Bridge's crash into river provides surprise ending

Friday, September 10, 2004
Spectators watch the demolition of the Cape Girardeau bridge that did not go according to plan on Sept. 9, 2004. (Fred Lynch)

A demolition blast Thursday tore apart the old Mississippi River bridge at Cape Girardeau, doing more damage than expected and leaving wreckage scattered across the river like the backdrop of a disaster movie.

It wasn't supposed to happen that way. Still, state and federal officials said the wreckage in the main navigation channel should be hauled from the river in time for barge traffic to resume this morning as originally planned.

The demolition blast -- its numerous explosive charges sounding like a cannon and shooting up black clouds of smoke -- dropped the 671-foot-long span nearest the Missouri shore into the river as planned.

But the blast also set up a chain reaction that damaged the other remaining spans of the bridge. The blast caused the other 671-foot section of the main span to jackknife into the river, tearing out part of a concrete pier and sending one end of the remaining 314-foot span crashing into the water.

The blast shortly before 7 a.m. left hundreds of spectators, the demolition contractor and city, state and federal officials guessing about what went wrong.

"It may have been the vibration from the blast," said Stan Johnson, Missouri Department of Transportation engineer. "Something happened to put more stress on the bottom beam of the second span and it failed."

Demolition contractor Scott Gustafson, president of Dem Tech of Dubois, Wyo., was surprised by the added destruction.

"I have never seen another steel span fail," said Gustafson, who has demolished hundreds of structures with military-grade explosives.

"The charges had nothing to do with it," he said of the two other spans collapsing.

Gustafson's company used 327 charges -- 62 pounds of explosives -- to blow up the main span.

As for the damaged concrete pier, Gustafson said it had little in the way of steel supports in it unlike today's concrete structures. That may have contributed to part of the pier falling into the river when the second bridge span buckled, he said.

The fact that the main span near the Missouri shore and the second large span were actually built as part of a single steel truss may also have contributed to the failure, MoDOT officials and Gustafson said.

"It failed and it was a domino effect," Gustafson said.

The $2.23 million demolition of the 76-year-old bridge began with a demolition of some of the Illinois approach spans on Aug. 3. A blast on Aug. 26 took down another 314-foot span, leaving only three spans standing.

All of the spans were scheduled to be demolished by the middle of this month. Thursday's blast just hurried the process along, Johnson said.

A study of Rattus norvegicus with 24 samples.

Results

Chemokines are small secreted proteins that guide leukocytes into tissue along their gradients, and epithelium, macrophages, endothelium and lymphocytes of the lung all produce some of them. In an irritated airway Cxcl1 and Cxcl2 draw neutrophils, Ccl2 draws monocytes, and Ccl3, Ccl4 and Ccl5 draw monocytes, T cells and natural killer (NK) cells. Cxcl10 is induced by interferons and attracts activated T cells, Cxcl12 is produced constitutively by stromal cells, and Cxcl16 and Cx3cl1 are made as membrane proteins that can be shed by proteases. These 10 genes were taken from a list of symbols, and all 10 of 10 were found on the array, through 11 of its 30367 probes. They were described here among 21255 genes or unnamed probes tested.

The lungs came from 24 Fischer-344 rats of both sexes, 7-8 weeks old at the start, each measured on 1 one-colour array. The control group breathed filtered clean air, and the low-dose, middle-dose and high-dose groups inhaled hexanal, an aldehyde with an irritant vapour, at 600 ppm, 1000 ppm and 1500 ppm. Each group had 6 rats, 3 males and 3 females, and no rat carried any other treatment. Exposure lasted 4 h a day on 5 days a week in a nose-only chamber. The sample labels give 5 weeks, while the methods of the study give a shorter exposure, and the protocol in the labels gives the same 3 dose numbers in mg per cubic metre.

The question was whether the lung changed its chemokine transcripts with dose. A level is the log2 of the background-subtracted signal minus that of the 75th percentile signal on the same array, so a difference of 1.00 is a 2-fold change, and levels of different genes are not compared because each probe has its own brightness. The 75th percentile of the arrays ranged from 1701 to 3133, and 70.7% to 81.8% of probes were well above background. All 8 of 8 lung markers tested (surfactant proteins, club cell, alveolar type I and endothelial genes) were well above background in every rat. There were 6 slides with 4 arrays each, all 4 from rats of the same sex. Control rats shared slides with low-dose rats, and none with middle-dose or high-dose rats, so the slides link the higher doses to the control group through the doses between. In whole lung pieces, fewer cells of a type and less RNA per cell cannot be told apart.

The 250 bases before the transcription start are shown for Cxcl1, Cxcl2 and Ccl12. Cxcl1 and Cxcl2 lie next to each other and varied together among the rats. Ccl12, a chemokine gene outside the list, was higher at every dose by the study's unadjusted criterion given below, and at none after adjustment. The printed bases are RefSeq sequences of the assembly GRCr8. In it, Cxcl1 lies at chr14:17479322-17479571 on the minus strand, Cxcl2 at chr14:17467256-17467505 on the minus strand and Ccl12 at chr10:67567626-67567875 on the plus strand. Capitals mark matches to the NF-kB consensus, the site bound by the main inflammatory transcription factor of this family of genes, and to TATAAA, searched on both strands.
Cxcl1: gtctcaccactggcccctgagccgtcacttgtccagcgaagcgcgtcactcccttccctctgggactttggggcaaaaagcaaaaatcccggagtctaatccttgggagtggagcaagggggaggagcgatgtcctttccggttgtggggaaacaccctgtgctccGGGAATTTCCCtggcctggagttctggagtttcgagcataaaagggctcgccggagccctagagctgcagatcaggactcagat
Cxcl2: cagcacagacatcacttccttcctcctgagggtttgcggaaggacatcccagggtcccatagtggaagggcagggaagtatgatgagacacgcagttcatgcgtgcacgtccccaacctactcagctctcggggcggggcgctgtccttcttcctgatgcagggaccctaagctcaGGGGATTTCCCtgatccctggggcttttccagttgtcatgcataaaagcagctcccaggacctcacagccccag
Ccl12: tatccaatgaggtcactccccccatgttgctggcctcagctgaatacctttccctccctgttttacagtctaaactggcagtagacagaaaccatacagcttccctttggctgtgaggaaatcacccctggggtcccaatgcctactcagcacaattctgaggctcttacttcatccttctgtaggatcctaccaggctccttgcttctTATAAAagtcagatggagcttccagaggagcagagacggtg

KFVS12 reporter C.J. Cassidy was originally set to push the button sparking the demolition charges. Last year, she won a drawing for the honor. But Cassidy recently decided she wanted to wait until the next blast so her father, who was out of the country, could attend.

Now there may not be another blast. But MoDOT spokeswoman Tonya Wells said it was probably just as well Cassidy didn't set off Thursday's blast.

"I am sure she is glad she wasn't the one that pushed the button," Wells said.

Spectators -- many of whom gathered along the breezy, riverfront more than an hour before the blast -- were awed by the destruction.

"We have been approving and witnessing bridge demolitions for 25 years and I have never seen anything like that," said Roger Wiebusch, bridge administrator for the U.S. Coast Guard in St. Louis.

Wiebusch said the added destruction shouldn't pose a problem to barge and boat traffic. As planned, the Coast Guard closed the river at Cape Girardeau to all boat and barge traffic for 24 hours to allow barge cranes to remove the debris of the exploded first span from the navigation channel.

The added destruction shouldn't slow down that timetable, he said. Wiebusch said the general contractor, Midwest Foundation Corp. of Tremont, Ill., should have the steel removed from the river by 8 a.m. today.

Crews on crane barges began removing the debris soon after the blast.

Wiebusch said the broken pier is resting on the bottom of the river bed and shouldn't hinder barge traffic or passenger boats.

The River Explorer passenger barge was scheduled to dock at Cape Girardeau Thursday evening on its southbound journey. The barge is expected to resume its southbound journey at noon today, passing through an area of the river where steel blocked the route only a day earlier.

MoDOT's Johnson said officials and the contractor were still deciding on how best to remove the remaining damaged spans and whether more blasts will be needed. Those plans then will need approval from the Coast Guard.

The Coast Guard's Wiebusch doesn't expect his agency to formally investigate Thursday's blast. He said there is no evidence that the demolition company and its crew was negligent in how it exploded the span.

"We deal with them a lot," Wiebusch said. "They have a proven track record of success."

City, state and federal officials said the unexpected bridge damage underscored the importance of having an evacuate zone as was done in advance for this blast.

Cape Girardeau police required people to either evacuate their homes and businesses within a 1,500-foot radius of the blast or stay inside their buildings during the blast.

The demolition was scheduled for 6:30 a.m., but was delayed by nearly half an hour because some spectators in the evacuation zone initially resisted instructions from police to leave the area or move indoors, city police chief Steve Strong said.

Officials said the blast didn't damage any downtown buildings or injury anyone.

"I don't know what we could have done differently," Johnson said. "It is one of those unforeseen things that happen. Luckily the unforeseen thing happened out in the river."